Secured Loan: These loans are backed by assets, such as a home or car, that belongs to the borrower in order to decrease the risk assumed by the lender. Usually in secured loans, the end use of loan amount drawn is given, which means a car loan cannot be used to pay for home improvement.
Unsecured Loan: With these loans you need not put your collateral against the loan. The loan is given on the basis of your income and expense behaviour. Personal loans or loan against credit cards are the most common form of unsecured loans.
Education loan: This is a priority sector lending by the banks which not only finances studies in India, but also abroad. The interest rate on this loan and related scheme is standardised across lenders. And, if you have taken education loan and are repaying the same, then interest paid on education loan is allowed as a deduction from the total income under Section 80E.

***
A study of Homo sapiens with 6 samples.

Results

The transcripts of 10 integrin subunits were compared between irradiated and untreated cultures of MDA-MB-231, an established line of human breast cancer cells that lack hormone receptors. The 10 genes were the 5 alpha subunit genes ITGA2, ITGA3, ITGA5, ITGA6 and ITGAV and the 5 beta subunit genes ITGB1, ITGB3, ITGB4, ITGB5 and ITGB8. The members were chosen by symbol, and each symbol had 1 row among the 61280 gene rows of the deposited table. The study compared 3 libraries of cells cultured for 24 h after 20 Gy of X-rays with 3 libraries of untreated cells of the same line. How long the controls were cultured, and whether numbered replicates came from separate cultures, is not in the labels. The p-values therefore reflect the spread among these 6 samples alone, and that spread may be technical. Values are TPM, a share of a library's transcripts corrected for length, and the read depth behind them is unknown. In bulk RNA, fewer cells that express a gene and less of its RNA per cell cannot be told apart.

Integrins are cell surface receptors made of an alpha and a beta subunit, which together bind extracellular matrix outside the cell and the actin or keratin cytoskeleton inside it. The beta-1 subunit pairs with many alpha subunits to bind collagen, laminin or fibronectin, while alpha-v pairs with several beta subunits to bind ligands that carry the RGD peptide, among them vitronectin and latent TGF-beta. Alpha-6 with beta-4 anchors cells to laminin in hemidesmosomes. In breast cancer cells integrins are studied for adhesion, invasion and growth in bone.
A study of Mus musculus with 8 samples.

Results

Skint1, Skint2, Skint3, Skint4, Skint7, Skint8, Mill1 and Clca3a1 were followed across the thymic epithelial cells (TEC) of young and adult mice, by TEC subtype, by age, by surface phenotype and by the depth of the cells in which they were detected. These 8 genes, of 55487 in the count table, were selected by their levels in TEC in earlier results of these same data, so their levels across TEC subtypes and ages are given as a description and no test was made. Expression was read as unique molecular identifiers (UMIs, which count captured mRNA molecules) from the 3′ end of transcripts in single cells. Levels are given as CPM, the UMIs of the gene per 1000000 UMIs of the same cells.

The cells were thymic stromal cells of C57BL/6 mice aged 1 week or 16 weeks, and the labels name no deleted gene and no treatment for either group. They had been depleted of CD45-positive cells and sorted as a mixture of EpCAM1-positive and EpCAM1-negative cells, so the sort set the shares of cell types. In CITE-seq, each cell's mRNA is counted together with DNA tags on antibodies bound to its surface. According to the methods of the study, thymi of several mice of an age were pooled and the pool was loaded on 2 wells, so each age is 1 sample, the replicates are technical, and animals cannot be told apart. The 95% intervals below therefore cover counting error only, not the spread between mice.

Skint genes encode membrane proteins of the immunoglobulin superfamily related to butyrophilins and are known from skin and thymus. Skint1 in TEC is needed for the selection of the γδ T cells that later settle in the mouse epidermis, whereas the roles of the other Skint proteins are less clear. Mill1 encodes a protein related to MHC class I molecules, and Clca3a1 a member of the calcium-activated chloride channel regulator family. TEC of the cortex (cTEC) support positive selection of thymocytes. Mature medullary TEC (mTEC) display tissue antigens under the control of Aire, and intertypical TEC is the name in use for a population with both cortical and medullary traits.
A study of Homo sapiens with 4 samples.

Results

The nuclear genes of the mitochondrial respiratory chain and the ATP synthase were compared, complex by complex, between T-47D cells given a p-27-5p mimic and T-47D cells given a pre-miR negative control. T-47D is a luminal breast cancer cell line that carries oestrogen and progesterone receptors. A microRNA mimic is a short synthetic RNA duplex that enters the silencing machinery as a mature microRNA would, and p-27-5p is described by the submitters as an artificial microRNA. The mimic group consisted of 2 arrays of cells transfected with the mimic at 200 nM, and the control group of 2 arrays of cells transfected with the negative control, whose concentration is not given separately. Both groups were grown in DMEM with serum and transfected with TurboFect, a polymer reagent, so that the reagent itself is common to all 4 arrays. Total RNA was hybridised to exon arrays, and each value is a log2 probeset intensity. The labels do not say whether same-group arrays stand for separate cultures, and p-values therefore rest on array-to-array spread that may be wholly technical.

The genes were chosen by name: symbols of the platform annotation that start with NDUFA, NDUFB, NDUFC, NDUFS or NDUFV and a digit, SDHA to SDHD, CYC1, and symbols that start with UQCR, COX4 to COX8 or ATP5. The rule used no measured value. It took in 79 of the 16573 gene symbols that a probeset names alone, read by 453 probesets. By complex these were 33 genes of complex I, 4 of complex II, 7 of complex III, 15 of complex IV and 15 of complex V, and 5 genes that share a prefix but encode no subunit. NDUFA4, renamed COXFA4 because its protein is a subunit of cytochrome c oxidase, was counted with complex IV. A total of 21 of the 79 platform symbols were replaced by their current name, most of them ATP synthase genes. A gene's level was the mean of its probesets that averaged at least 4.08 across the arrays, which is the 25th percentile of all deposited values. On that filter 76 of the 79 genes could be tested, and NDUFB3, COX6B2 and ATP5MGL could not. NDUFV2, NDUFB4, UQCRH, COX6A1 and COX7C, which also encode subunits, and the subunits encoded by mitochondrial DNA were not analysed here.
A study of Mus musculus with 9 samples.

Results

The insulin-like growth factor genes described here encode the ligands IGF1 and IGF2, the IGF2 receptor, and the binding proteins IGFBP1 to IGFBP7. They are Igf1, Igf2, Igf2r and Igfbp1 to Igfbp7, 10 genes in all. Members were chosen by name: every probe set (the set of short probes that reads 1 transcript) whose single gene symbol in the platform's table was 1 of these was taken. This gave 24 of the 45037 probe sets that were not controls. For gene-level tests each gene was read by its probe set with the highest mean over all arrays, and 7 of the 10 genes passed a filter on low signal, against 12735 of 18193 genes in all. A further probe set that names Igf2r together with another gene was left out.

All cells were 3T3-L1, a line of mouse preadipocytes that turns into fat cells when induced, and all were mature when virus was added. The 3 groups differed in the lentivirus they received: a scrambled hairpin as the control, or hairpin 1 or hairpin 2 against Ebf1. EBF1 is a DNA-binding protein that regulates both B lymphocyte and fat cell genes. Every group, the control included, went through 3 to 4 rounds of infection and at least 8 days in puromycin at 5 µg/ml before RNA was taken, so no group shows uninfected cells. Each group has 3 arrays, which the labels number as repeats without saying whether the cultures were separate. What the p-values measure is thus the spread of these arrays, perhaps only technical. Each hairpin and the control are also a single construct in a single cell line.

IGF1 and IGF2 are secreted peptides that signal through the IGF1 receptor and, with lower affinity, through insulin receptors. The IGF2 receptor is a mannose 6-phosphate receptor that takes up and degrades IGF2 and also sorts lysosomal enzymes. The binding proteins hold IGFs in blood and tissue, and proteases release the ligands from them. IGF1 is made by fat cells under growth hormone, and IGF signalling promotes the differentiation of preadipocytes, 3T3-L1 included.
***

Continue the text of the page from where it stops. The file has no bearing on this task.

0% interest finance: There is no truth in this zero per cent tag. These loans are typically available on gadgets and appliances, where the pricing itself is based on the 0 per cent concept. What this means is that there is no way to compare the current cash price of the product, as it is not on offer. The cost of the gadget or appliance is bundled with interest and other charges, which are not broken down to evaluate the real cost of goods.
Preapproved loans: Based on your past repayment experience on a loan and through big data analytics, lenders these days offer pre-approved loan of some amount to you. This is one way to entice you into a loan, even when you may not be interested in borrowing.
Loan against property/shares: For those with assets like a home or investments in shares, lenders offer loans against such securities. As these fall under secured loans, their rates are relatively lesser than unsecured loans.